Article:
Nobody can deny the last twelve months has not been easy for anyone, least of business operators.  With the associated significant business disruption, we are seeing more and more people file for bankruptcy.  For the uninitiated, bankruptcy is the legal process whereby you are legally declared insolvent that is, unable to service your debts as and when they become due.  It can either be voluntary or forced.  The Trustee appointed to your bankruptcy will liquidate your assets (that is:  sell your assets) in an effort to pay off as many creditors as possible.  It can serve as a stress buster as it releases you from paying most debts and can allow you to make a fresh start.  There are some downsides however, which can be painful and lasting.  So it’s important to thoroughly understand the implications of entering into bankruptcy before taking this very final, non-returnable journey.

Bankruptcy can be entered into voluntarily or forced.  The process of entering into a voluntary bankruptcy is quite simple and merely requires you to complete and submit a form (not something to be done at midnight after a bottle of wine!).  Take note, just because it is easy, doesn’t mean it is something you should do without due consideration.  A Trustee is then appointed to your affairs, who will sell any remaining assets in order to satisfy as many debts as possible, and notify any remaining creditors of your bankruptcy.  Whilst it is possible to earn income whilst bankrupt, your nominated Trustee will review your income levels and determine whether you are required to make compulsory payments.

Forced bankruptcy is a little more laborious and will generally involve one of your creditors applying to the courts to have you made bankrupt.  The amount you owe needs to be “significant” at $5,000 or more.  Something to think about when you fail to pay your bills on time.  The court process is called a Sequestration Order and it starts with the creditor applying for a bankruptcy notice using the non-payment of your invoice as an indication of bankruptcy.  From here the creditor can apply for a creditor’s petition to have you made bankrupt.  Similarly to a voluntary bankruptcy, a Trustee is appointed and you are required to file a statement of affaris within 14 days of being notified of their appointment to the Australian Financial Security Authority (‘AFSA’).  They will then sell your assets, recover any income over a certain limit and investigate your financial affairs.  Your obligations involve you providing details of your debts, income and assets to the Trustee.  Your Trustee notifies your creditors you are bankrupt preventing them from continuing to contact you about your debt.  Your Trustee can sell certain assets to help pay your debts.  You may also need to make compulsory payments if your income exceeds a set amount.

How long does bankruptcy last for?  Generally it is the same for both voluntary and forced bankruptcies at 3 years and 1 day however, your Trustee can lodge an objection to extend the bankruptcy for up to 8 years.  However, if applying for credit (over a certain level) you will be required to notify the potential lender of your bankruptcy for 5 years; or two years after the bankruptcy ends, whichever is the later date).  Your name will also appear on the National Personal Insolvency Index.  Forever.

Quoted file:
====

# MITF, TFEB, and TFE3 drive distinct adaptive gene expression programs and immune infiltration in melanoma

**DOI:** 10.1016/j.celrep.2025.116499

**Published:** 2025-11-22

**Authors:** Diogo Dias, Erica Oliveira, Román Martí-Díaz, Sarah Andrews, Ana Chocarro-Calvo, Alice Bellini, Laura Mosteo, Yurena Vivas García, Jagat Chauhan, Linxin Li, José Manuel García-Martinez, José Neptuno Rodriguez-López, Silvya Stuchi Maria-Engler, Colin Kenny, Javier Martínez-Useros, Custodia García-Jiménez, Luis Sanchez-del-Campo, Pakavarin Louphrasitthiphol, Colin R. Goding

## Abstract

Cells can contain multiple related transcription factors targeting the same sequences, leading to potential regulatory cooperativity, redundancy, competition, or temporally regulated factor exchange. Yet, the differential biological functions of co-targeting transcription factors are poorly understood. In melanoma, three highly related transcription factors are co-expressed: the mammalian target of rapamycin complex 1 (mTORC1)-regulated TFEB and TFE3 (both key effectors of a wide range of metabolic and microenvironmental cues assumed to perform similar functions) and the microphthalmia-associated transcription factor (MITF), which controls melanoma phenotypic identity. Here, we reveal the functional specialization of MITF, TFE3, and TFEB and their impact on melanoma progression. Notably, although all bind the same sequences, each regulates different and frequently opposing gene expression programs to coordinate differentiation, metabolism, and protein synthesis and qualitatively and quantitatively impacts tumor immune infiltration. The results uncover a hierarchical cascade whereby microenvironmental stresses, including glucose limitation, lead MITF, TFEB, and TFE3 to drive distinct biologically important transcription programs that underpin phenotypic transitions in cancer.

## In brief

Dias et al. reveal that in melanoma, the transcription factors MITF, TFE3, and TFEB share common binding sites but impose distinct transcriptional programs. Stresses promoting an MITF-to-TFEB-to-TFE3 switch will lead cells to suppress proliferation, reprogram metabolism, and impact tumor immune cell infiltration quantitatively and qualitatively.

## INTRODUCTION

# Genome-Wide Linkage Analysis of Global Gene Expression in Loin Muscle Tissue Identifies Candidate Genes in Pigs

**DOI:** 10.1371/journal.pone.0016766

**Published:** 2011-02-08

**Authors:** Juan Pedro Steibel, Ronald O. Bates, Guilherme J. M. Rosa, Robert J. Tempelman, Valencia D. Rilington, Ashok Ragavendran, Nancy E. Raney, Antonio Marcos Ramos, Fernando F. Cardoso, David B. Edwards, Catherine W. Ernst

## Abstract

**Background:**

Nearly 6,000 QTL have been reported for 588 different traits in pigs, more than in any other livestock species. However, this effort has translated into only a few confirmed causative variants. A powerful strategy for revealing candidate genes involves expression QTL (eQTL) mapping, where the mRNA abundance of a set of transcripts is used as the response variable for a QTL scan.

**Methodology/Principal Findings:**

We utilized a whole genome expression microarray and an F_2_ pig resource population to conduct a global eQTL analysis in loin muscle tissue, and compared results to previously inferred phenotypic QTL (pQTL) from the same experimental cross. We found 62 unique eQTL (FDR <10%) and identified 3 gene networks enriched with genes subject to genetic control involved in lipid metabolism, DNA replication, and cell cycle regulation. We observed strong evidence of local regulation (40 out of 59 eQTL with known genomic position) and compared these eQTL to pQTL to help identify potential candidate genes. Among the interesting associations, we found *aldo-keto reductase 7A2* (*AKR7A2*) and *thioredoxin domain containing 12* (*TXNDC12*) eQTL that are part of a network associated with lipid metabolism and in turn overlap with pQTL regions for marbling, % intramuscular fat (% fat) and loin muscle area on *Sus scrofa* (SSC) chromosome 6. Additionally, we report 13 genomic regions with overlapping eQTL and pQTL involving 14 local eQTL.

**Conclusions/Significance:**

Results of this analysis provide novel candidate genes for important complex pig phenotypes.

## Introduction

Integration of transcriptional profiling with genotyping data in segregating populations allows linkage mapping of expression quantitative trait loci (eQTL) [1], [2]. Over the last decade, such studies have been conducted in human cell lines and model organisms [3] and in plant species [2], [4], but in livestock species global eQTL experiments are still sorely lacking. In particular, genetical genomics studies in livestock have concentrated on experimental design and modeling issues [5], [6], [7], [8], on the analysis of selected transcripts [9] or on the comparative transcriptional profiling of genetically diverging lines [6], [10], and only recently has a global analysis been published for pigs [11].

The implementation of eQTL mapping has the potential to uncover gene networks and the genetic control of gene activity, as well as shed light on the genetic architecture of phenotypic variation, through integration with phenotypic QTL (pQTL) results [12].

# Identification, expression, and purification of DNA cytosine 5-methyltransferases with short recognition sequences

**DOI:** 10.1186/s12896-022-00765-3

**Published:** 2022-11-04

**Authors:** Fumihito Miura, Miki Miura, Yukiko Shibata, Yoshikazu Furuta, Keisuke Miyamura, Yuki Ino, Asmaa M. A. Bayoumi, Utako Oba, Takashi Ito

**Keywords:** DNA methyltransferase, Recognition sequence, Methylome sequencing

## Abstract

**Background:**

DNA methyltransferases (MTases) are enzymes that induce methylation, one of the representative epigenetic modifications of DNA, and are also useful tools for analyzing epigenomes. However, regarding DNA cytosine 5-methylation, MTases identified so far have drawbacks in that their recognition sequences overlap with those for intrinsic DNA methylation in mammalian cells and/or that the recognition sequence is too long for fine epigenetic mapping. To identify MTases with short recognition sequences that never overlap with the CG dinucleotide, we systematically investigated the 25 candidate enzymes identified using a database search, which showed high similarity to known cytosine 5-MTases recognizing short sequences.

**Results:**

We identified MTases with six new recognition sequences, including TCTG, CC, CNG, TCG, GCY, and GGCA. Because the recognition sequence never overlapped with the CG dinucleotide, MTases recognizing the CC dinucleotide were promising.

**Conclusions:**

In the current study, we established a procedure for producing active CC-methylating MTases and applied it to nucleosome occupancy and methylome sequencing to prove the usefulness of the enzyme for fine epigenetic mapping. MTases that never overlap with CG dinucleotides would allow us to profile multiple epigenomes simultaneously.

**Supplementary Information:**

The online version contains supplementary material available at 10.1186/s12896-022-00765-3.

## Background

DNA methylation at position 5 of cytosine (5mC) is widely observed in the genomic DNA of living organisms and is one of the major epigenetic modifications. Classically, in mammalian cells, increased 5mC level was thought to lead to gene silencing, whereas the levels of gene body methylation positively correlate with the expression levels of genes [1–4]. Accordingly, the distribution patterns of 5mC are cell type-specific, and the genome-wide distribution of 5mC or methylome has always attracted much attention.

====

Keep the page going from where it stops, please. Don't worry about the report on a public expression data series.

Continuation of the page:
Are these the only consequences?  Unfortunately no:

Your tax obligations do not change.  You will still be required to lodge any outstanding tax returns and in fact, your Trustee will need to be informed when you receive official notification from the ATO (such as a Notice of Assessment).  Any refunds you receive will need to be provided to your Trustee or the ATO withhold amounts to offset any ATO debts, child support, Family Assistance or another Commonwealth Agency.  They are able to continue to withhold refund amounts even where debts owed to them have been listed in the bankruptcy.

If you are suffering from financial hardship, bankruptcy is only one (and the most extreme) option available to you.  Other options include:

Before entering any type of bankruptcy or debt agreement, it is important to understand your options and your financial position.  There are financial counsellors in every state and territory, their services are free, they are independent and confidential.  They can provide you with help with your financial situation and talk to you about your options to deal with unmanageable debt.  To speak to a financial counsellor, contact the National Debt Helpline on 1800 007 007.  It can also be an incredibly stressful time (which is likely to be the understatement of the century) with a massive toll being taken on your mental health so it is important to take time for yourself and reach out for help if you need to.

In our experience, bankruptcy should be used as a last resort, rather than the first port of call. Your accountant should be able to provide you with many of the answers you need to help you make an informed decision as to which path and option to take.  Reach out to them first, as your trusted advisor who knows your financial affairs as well as you do.